Submitted by Emily Chase on Fri, 01/29/2016 - 11:34
Winter in the Roaring Fork Valley is truly a special time for nature lovers of all ages. Observing wildlife thrive, even in the chilliest of weather, reminds us to appreciate all of the incredible adaptations that make winter survival possible. This month at ACES at Hallam Lake, we invite locals and visitors to learn about masters of adaptations, and some of nature’s stealthiest hunters, owls!
Submitted by Eliza Greenman on Mon, 01/04/2016 - 18:00
Posted in Kids' Corner
Submitted by Jason Smith on Mon, 12/21/2015 - 18:00
Posted in Ranch Report
Submitted by ACES Educator on Mon, 12/21/2015 - 14:20
On December 9th, 2015, ACES trail cameras captured footage of a Great Horned Owl with a trout in its talons. Current ACES staff have never witnessed this behavior before. Owls typically feed on small rodents, hunting them at night.
Submitted by ACES Educator on Wed, 12/02/2015 - 17:37
In ACES Ed class at Basalt Elementary School, students have the opportunity to observe and experience the amazing transformations that plants undergo throughout the school year. The school garden, trees, bushes and the nearby Frying Pan River are our backdrops for gauging what is happening in the natural world every day.
Submitted by Guest Author on Wed, 12/02/2015 - 01:00
Submitted by ACES Educator on Fri, 11/06/2015 - 11:22
Male deer, elk, and moose have antlers, which they shed every spring, only to re-grow them again over the summer. ACES staff was lucky to catch a critical part of this annual cycle on our trail cameras recently at Hallam Lake.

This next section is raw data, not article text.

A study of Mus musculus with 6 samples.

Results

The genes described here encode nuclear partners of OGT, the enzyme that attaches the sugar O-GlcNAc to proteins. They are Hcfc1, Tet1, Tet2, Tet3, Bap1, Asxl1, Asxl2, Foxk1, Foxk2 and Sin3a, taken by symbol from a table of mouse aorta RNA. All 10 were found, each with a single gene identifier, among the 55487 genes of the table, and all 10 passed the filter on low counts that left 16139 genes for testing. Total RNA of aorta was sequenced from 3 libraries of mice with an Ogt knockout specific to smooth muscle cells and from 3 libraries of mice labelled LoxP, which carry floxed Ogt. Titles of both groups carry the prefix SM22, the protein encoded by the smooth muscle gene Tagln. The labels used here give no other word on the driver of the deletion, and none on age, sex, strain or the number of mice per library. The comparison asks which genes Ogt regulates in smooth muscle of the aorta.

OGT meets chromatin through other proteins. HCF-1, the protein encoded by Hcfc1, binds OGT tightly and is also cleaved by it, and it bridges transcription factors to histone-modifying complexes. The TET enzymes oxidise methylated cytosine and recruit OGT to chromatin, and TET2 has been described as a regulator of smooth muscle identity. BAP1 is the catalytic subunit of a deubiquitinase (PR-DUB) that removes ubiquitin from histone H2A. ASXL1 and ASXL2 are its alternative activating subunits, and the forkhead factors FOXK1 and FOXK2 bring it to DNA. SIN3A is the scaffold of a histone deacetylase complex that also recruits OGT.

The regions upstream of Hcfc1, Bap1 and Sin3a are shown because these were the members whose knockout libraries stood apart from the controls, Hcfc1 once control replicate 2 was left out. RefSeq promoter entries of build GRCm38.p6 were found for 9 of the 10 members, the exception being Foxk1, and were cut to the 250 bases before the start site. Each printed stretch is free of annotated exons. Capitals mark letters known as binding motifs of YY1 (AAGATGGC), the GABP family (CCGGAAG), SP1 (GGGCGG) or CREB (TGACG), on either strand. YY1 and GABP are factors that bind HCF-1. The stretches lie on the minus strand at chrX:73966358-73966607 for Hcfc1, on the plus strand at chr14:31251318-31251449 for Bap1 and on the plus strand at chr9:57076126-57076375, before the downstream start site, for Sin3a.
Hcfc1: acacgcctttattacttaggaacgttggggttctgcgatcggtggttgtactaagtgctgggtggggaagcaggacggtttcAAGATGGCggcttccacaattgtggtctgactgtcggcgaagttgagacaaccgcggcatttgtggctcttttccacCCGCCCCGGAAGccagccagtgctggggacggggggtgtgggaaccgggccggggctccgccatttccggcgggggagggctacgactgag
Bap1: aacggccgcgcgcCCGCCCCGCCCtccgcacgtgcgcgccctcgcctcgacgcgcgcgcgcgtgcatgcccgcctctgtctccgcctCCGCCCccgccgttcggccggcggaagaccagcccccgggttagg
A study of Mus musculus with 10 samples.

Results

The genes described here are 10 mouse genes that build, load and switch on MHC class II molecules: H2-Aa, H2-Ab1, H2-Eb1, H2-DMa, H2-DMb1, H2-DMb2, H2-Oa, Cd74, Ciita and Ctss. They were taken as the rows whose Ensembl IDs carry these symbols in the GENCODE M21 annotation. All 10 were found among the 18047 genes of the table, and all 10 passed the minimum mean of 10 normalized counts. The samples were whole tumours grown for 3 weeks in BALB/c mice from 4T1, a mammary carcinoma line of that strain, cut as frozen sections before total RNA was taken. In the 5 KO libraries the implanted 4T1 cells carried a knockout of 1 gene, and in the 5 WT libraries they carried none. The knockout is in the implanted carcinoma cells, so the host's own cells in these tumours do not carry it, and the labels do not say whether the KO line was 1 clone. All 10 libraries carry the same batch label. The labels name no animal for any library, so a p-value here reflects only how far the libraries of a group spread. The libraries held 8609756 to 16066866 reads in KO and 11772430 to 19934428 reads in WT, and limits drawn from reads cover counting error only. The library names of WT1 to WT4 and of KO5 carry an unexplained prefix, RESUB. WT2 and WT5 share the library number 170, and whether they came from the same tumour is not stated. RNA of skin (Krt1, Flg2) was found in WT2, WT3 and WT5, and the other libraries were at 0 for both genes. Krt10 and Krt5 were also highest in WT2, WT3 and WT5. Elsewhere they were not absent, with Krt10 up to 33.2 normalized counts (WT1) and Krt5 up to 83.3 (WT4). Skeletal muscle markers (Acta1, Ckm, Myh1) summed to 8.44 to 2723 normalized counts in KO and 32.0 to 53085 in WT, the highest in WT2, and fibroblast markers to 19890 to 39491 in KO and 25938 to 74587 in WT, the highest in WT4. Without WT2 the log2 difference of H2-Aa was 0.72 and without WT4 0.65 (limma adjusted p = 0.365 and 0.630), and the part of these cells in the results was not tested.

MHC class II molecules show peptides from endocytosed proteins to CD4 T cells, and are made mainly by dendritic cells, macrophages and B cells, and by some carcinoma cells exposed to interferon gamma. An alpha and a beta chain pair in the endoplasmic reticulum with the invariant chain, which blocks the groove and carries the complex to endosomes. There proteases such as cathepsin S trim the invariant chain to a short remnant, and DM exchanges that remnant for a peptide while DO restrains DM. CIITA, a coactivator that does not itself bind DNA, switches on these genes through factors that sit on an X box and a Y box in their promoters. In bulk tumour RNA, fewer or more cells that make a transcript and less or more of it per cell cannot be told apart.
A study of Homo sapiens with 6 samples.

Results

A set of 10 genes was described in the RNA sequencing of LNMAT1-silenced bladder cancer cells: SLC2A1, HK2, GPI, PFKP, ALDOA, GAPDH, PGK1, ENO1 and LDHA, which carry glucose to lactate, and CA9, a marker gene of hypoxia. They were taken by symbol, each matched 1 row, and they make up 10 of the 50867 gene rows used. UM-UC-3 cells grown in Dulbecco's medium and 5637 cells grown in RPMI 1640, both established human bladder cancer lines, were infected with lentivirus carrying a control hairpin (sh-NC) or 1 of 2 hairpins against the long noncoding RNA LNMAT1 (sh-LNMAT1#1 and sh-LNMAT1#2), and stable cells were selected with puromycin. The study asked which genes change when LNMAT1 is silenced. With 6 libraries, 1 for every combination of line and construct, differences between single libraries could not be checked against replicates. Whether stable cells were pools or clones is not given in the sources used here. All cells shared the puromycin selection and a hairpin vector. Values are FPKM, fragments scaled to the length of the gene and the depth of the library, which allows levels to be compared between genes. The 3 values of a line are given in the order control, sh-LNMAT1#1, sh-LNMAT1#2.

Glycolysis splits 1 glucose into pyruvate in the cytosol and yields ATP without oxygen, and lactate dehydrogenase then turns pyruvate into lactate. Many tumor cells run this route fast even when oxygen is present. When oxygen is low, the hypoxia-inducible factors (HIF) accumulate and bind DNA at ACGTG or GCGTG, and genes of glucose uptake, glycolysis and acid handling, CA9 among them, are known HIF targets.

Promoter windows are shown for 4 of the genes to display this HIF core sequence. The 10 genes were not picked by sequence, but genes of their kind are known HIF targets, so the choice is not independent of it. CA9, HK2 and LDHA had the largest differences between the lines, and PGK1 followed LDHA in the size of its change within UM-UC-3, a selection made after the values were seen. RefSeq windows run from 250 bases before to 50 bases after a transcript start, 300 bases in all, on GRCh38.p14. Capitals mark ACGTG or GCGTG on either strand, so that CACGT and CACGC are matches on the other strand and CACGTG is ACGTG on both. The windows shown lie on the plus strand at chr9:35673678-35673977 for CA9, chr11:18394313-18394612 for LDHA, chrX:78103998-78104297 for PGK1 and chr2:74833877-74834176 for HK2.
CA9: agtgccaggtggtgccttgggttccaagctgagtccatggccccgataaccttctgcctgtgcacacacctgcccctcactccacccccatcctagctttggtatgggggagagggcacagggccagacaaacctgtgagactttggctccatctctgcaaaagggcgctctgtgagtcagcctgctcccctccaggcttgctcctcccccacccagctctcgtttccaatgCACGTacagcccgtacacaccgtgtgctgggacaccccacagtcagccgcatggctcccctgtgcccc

Deer and elk typically shed their antlers around March and April, when the animals’ testosterone levels are at their lowest. The decreased amount of testosterone causes the bone connecting the antler to the skull to deteriorate, enabling the antler to fall off.
Submitted by Guest Author on Wed, 11/04/2015 - 01:00
Submitted by ACES Educator on Fri, 10/30/2015 - 09:18
Posted in Ranch Report
The word “energy” has been buzzworthy around ACES at Rock Bottom Ranch lately. This is due in part to significant clean energy upgrades underway at the Ranch, as well as the fourth grade Energy Unit that ACES Educators are currently teaching in the ACES Ed classrooms at Basalt and Crystal River Elementary schools.
Submitted by Chris Lane on Mon, 10/26/2015 - 18:00
Posted in Bulletin Board
Aspen, Colorado, October 27, 2015 — Aspen Center for Environmental Studies (ACES), a Colorado-based science education nonprofit, has developed an interactive online tool Forest Forecasts, which illustrates future forest change under best- and worst-case climate change scenarios. The tool utilizes innovative technologies to display detailed views of current forests that utilize cutting-edge climate models to generate high-resolution portrayals of what Western forests are likely to look like in the future.